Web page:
Lagrange Frequency Response Examples

The following examples were generated using Faust code similar to that in Fig.4.12 and the faust2octave command distributed with Faust.

Orders 1 to 5 on a fractional delay of 0.4 samples

Figure [*] shows the amplitude responses of Lagrange interpolation, orders 1 through 5, for the case of implementing an interpolated delay line of length $ 5.4$ samples. In all cases the interpolator follows a delay line of appropriate length so that the interpolator coefficients operate over their central one-sample interval. Figure [*] shows the corresponding phase delays. As discussed in §4.2.10, the amplitude response of every odd-order case is constrained to be zero at half the sampling rate when the delay is half-way between integers, which this example is near. As a result, the curves for the two even-order interpolators lie above the three odd-order interpolators at high frequencies in Fig.[*]. It is also interesting to note that the 4th-order interpolator, while showing a wider ``pass band,'' exhibits more attenuation near half the sampling rate than the 2nd-order interpolator.

Figure 4.13: Amplitude responses, Lagrange interpolation, orders 1 to 5, for an interpolated delay of $ 5.4$ samples. From the bottom-right corner along the right edge, the curves represent orders 1,3,5,4,2.
\includegraphics[width=0.9\twidth]{eps/tlagrange-1-to-5-ar-c}

Figure 4.14: Phase delays, Lagrange interpolation, orders 1 to 5, for an interpolated delay of $ 5.4$ samples. From bottom to top, the curves represent orders 2,4,1,3,5.
\includegraphics[width=0.9\twidth]{eps/tlagrange-1-to-5-pd-c}

In the phase-delay plots of Fig.[*], all cases are exact at frequency zero. At half the sampling rate they all give 5 samples of delay.

Note that all three odd-order phase delay curves look generally better in Fig.[*] than both of the even-order phase delays. Recall from Fig.[*] that the two even-order amplitude responses outperformed all three odd-order cases. This illustrates a basic trade-off between gain accuracy and delay accuracy. The even-order interpolators show generally less attenuation at high frequencies (because they are not constrained to approach a gain of zero at half the sampling rate for a half-sample delay), but they pay for that with a relatively inferior phase-delay performance at high frequencies.


Order 4 over a range of fractional delays

Figures 4.15 and 4.16 show amplitude response and phase delay, respectively, for 4th-order Lagrange interpolation evaluated over a range of requested delays from $ 1.5$ to $ 2.5$ samples in increments of $ 0.1$ samples. The amplitude response is ideal (flat at 0 dB for all frequencies) when the requested delay is $ 2$ samples (as it is for any integer delay), while there is maximum high-frequency attenuation when the fractional delay is half a sample. In general, the closer the requested delay is to an integer, the flatter the amplitude response of the Lagrange interpolator.

Figure 4.15: Amplitude responses, Lagrange interpolation, order 4, for the range of requested delays $ [1.5 : 0.1 : 2.5]$, with $ 2.499$ thrown in as well (see next plot for why). From bottom to top, ignoring the almost invisible split in the bottom curve, the curves represent requested delays $ 1.5, 1.6, 1.7, 1.8, 1.9$, and $ 2.0$. Then, because the curve for requested delay $ 2+\eta $ is the same as the curve for delay $ 2-\eta $, for $ \vert\eta \vert<1/2$, the same curves, from top to bottom, represent requested delays $ 2.0, 2.1, 2.2, 2.3, 2.4$ and $ 2.5$ (which is nearly indistinguishable from $ 2.499$).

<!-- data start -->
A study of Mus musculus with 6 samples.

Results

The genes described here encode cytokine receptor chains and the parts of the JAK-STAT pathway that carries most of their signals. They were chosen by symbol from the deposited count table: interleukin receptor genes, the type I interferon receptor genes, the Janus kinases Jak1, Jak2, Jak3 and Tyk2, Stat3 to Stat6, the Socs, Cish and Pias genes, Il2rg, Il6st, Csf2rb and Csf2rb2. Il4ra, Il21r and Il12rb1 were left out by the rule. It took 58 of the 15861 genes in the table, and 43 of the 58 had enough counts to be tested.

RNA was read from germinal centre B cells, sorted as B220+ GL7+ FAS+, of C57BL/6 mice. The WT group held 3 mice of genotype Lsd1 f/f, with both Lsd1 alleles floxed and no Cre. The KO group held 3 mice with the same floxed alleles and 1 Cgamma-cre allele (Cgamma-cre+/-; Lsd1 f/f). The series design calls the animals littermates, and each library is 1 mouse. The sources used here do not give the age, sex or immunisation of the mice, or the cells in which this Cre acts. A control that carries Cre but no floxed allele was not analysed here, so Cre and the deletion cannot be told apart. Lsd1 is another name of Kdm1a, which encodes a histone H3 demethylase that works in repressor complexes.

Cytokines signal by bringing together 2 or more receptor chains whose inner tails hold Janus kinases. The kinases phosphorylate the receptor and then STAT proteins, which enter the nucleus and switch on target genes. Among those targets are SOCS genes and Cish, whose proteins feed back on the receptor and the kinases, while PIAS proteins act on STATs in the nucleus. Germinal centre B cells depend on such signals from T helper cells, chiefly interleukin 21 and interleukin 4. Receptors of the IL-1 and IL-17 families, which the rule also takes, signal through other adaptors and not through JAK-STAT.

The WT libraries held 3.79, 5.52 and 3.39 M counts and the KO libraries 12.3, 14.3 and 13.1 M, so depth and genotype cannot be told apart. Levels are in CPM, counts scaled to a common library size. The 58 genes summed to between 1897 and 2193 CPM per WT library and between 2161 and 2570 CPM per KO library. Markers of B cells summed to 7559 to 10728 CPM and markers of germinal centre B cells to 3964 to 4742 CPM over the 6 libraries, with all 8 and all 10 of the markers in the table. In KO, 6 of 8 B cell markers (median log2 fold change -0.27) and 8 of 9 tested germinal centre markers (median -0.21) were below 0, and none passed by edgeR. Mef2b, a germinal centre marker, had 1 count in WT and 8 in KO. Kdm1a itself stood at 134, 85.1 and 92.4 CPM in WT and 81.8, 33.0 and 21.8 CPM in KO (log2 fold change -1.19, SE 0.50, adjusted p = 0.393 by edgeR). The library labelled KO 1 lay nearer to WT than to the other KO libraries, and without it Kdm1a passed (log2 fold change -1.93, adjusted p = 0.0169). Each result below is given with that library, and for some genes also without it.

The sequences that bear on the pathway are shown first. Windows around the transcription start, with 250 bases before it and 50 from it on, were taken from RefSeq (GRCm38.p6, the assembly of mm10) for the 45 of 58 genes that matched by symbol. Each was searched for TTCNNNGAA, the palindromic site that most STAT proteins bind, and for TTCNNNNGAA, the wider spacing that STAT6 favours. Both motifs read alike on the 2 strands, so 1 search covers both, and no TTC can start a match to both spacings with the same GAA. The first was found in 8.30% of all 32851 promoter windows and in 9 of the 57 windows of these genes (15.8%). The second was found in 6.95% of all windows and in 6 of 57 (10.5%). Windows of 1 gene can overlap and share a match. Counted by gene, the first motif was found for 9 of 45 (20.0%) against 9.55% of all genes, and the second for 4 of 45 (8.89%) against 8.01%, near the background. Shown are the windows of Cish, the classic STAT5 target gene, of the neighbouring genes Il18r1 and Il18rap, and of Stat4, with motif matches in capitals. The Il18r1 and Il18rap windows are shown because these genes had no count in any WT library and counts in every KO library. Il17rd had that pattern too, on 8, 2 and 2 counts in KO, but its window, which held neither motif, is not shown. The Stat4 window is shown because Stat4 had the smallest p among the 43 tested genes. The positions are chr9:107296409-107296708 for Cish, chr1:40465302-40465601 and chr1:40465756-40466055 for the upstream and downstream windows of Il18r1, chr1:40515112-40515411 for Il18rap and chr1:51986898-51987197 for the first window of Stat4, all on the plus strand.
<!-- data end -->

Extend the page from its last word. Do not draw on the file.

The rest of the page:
\includegraphics[width=0.9\twidth]{eps/tlagrange-4-ar}

Figure 4.16: Phase delays, Lagrange interpolation, order 4, for the range of requested delays $ [1.5 : 0.1 : 2.5]$, and additionally $ 2.499$.
\includegraphics[width=0.9\twidth]{eps/tlagrange-4-pd}

Note in Fig.4.16 how the phase-delay jumps discontinuously, as a function of delay, when approaching the desired delay of $ 2.5$ samples from below: The top curve in Fig.4.16 corresponds to a requested delay of 2.5 samples, while the next curve below corresponds to 2.499 samples. The two curves roughly coincide at low frequencies (being exact at dc), but diverge to separate integer limits at half the sampling rate. Thus, the ``capture range'' of the integer 2 at half the sampling rate is numerically suggested to be the half-open interval $ [1.5,2.5)$.


Order 5 over a range of fractional delays

Figures 4.17 and 4.18 show amplitude response and phase delay, respectively, for 5th-order Lagrange interpolation, evaluated over a range of requested delays between $ 2$ and $ 3$ samples in steps of $ 0.1$ samples. Note that the vertical scale in Fig.4.17 spans $ 100$ dB while that in Fig.4.15 needed less than $ 9$ dB, again due to the constrained zero at half the sampling rate for odd-order interpolators at the half-sample point.

Figure 4.17: Amplitude responses, Lagrange interpolation, order 5, for the range of requested delays $ [2.0 : 0.1 : 3.0]$, with $ 2.495$ and $ 2.505$ included as well (see next plot for why).
\includegraphics[width=0.9\twidth]{eps/tlagrange-5-ar}

Figure 4.18: Phase delays, Lagrange interpolation, order 5, for the range of requested delays $ [2.0 : 0.1 : 3.0]$, with $ 2.495$ and $ 2.505$ included as well.
\includegraphics[width=0.9\twidth]{eps/tlagrange-5-pd}

Notice in Fig.4.18 how suddenly the phase-delay curves near 2.5 samples delay jump to an integer number of samples as a function of frequency near half the sample rate. The curve for $ 2.495$ samples swings down to 2 samples delay, while the curve for $ 2.505$ samples goes up to 3 samples delay at half the sample rate. Since the gain is zero at half the sample rate when the requested delay is $ 2.5$ samples, the phase delay may be considered to be exactly $ 2.5$ samples at all frequencies in that special case.